An incoming Labour government will be confronted with the severe problems currently facing claimants grappling with universal credit. What will the Labour party need to do to put social security back on track?
Tory ministers claimed universal credit would be a panacea for the benefit system. This was always nonsense – just like their absurd claim that the new system could be fully implemented by October 2017. On current plans, roll out will finish in 2024. The Conservative party was extraordinarily naïve – even claiming in 2010 that the universal credit computer system “would not constitute a major IT project”.
But many of the arguments for universal credit are sound. It does give the system a clearer purpose – to support people to obtain work and progress in their careers; and it has the potential to be simpler than previous arrangements. In particular, financial gains from work are clearer than in the past.
The hardship being inflicted by universal credit does not arise from its basic principles, but from the shocking way it has been implemented. The naivety of Department for Work and Pensions (DWP) ministers, plus ex-chancellor George Osborne’s desperate hunt for cost savings, were a toxic combination. But Labour will not want to revert to jobseekers’ allowance and income support.
Universal credit’s worst feature is a five-week delay between making a claim and entitlement to benefit. The theory is that everyone would have their final month’s pay cheque from their last job in the bank, so would not need money for a month. But what about those who are paid weekly, or people on zero-hours contracts – or people transferring onto the universal credit system from other benefits? The theory simply does not apply to them. Ministers, repeatedly pressed in the House of Commons, find the five-week delay impossible to justify.
When Iain Duncan Smith resigned as work and pensions secretary, his successor cut the delay from six weeks to five, and also managed to make benefit advances much easier to obtain. But the problem with an advance is it is paid as a loan, and you are therefore in debt to the DWP right from the start of your claim. It can then be impossible to escape indebtedness. This is why foodbank demand surged when universal credit was rolled out, and why rent arrears soared. Many private landlords who were happy to accept tenants on the old housing benefit now refuse tenants on universal credit.
Labour will need to scrap the five week wait, possibly with the exception of people leaving a monthly paid job.
Many other changes will be needed too. Conservative MP Eric Pickles – to bolster his feeble commitment to localism whilst secretary of state for communities and local government – refused to allow council tax benefit into universal credit. Instead, every council had to devise its own form of council tax support. Some have been extremely meagre. The original idea of a consistent taper applying everywhere – so everyone knew what their position would be if they got a new job – was torpedoed from the outset. Council tax should now be brought in to universal credit.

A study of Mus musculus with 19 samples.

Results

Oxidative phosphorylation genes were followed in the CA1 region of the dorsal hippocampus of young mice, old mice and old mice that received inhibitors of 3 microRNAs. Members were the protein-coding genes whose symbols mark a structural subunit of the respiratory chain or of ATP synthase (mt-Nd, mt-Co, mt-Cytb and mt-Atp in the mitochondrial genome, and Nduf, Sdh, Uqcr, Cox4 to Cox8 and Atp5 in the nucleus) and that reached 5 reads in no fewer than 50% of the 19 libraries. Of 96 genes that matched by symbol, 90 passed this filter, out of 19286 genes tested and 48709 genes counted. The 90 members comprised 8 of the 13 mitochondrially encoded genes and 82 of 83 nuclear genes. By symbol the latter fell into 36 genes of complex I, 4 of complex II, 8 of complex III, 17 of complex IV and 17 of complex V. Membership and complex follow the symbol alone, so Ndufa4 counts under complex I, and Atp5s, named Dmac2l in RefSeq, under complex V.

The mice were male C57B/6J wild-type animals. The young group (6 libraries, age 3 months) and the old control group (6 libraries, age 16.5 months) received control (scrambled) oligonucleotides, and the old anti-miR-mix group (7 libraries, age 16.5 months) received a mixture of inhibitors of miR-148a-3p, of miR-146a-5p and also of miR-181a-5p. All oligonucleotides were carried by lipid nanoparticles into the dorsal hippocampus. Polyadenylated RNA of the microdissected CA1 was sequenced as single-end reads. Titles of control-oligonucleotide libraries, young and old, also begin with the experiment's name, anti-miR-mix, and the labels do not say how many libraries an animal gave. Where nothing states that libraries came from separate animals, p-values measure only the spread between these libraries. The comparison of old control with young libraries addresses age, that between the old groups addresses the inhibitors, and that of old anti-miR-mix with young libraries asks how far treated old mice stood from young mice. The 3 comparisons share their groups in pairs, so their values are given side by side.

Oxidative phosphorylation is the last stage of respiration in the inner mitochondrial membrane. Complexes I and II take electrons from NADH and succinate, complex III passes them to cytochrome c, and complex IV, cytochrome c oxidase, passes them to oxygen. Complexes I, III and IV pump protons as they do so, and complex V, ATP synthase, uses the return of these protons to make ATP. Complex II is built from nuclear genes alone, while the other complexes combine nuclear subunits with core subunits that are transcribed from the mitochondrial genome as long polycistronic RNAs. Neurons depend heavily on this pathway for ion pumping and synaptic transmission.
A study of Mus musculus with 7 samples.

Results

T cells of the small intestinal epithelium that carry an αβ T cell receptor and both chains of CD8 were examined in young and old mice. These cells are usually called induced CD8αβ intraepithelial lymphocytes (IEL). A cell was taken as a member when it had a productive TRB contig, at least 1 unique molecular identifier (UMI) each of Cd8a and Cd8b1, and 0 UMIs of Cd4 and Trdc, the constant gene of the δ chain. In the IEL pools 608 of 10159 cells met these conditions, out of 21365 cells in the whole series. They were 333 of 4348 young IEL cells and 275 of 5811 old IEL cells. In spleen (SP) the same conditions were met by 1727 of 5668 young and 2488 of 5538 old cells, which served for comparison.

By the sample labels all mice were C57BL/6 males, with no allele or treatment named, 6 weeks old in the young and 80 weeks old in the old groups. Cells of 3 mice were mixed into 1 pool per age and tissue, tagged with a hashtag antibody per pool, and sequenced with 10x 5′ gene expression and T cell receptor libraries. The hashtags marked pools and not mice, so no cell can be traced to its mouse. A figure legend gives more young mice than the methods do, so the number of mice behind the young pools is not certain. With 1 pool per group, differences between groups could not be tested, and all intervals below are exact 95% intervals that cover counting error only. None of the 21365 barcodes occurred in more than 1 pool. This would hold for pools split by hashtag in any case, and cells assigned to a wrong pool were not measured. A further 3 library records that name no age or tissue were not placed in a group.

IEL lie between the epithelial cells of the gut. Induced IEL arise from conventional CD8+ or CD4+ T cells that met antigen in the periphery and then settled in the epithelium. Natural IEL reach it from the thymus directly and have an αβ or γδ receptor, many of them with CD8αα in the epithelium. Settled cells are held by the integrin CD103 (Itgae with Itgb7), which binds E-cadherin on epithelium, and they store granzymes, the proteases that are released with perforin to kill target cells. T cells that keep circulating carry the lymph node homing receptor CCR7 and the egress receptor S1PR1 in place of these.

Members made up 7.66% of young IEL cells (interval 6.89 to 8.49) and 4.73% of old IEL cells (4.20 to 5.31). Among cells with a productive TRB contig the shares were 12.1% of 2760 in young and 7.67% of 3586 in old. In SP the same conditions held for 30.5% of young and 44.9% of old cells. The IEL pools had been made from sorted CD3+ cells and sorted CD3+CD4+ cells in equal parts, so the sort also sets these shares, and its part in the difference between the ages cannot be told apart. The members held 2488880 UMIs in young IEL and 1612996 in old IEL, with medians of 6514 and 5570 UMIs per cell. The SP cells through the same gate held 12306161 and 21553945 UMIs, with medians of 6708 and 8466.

It was claimed the old social security system was riddled with cliff edges and benefit traps – meaning that in some situations, claimants were better off staying unemployed. Universal credit was supposed to sweep these away. But, in new rules on free school meals for universal credit, ministers have created a benefit trap far worse than anything in the old system.
It is a difficult problem. Under the old system, if you are out of work and in receipt of benefits, your children are eligible for free school meals; if you are in work, they are not. But, with universal credit, the distinction between in-work and out-of-work benefits has disappeared. Iain Duncan Smith promised in 2011 to explain how it would work with universal credit by ‘the summer’. In fact, no answer was forthcoming until last year.
Free school meal entitlement now depends on whether your income is above or below a threshold. The very last thing people whose income is just below the threshold will want is a pay rise, because they will immediately have to start paying for school meals. Labour will need to fix this – either by extending free school meals, currently available only to infant school children, to all; or by introducing a national electronic card system, providing a contribution to school meal charges which can be tapered away with income.
With tax credits, great care was taken to reflect the realities facing women – for example, paying sums relating to children directly to the mother rather than the father. Iain Duncan Smith deliberately omitted all these from universal credit. Labour will need to put them back.
Universal credit has – in principle – important advantages over the old benefit system as a tool for fighting poverty. It would be a mistake to throw them all away. But implementation has been both cruel and incompetent. A new government committed to tackling poverty would need to undertake major repairs, perhaps taking up to a decade to complete. But it can be done, and it should be.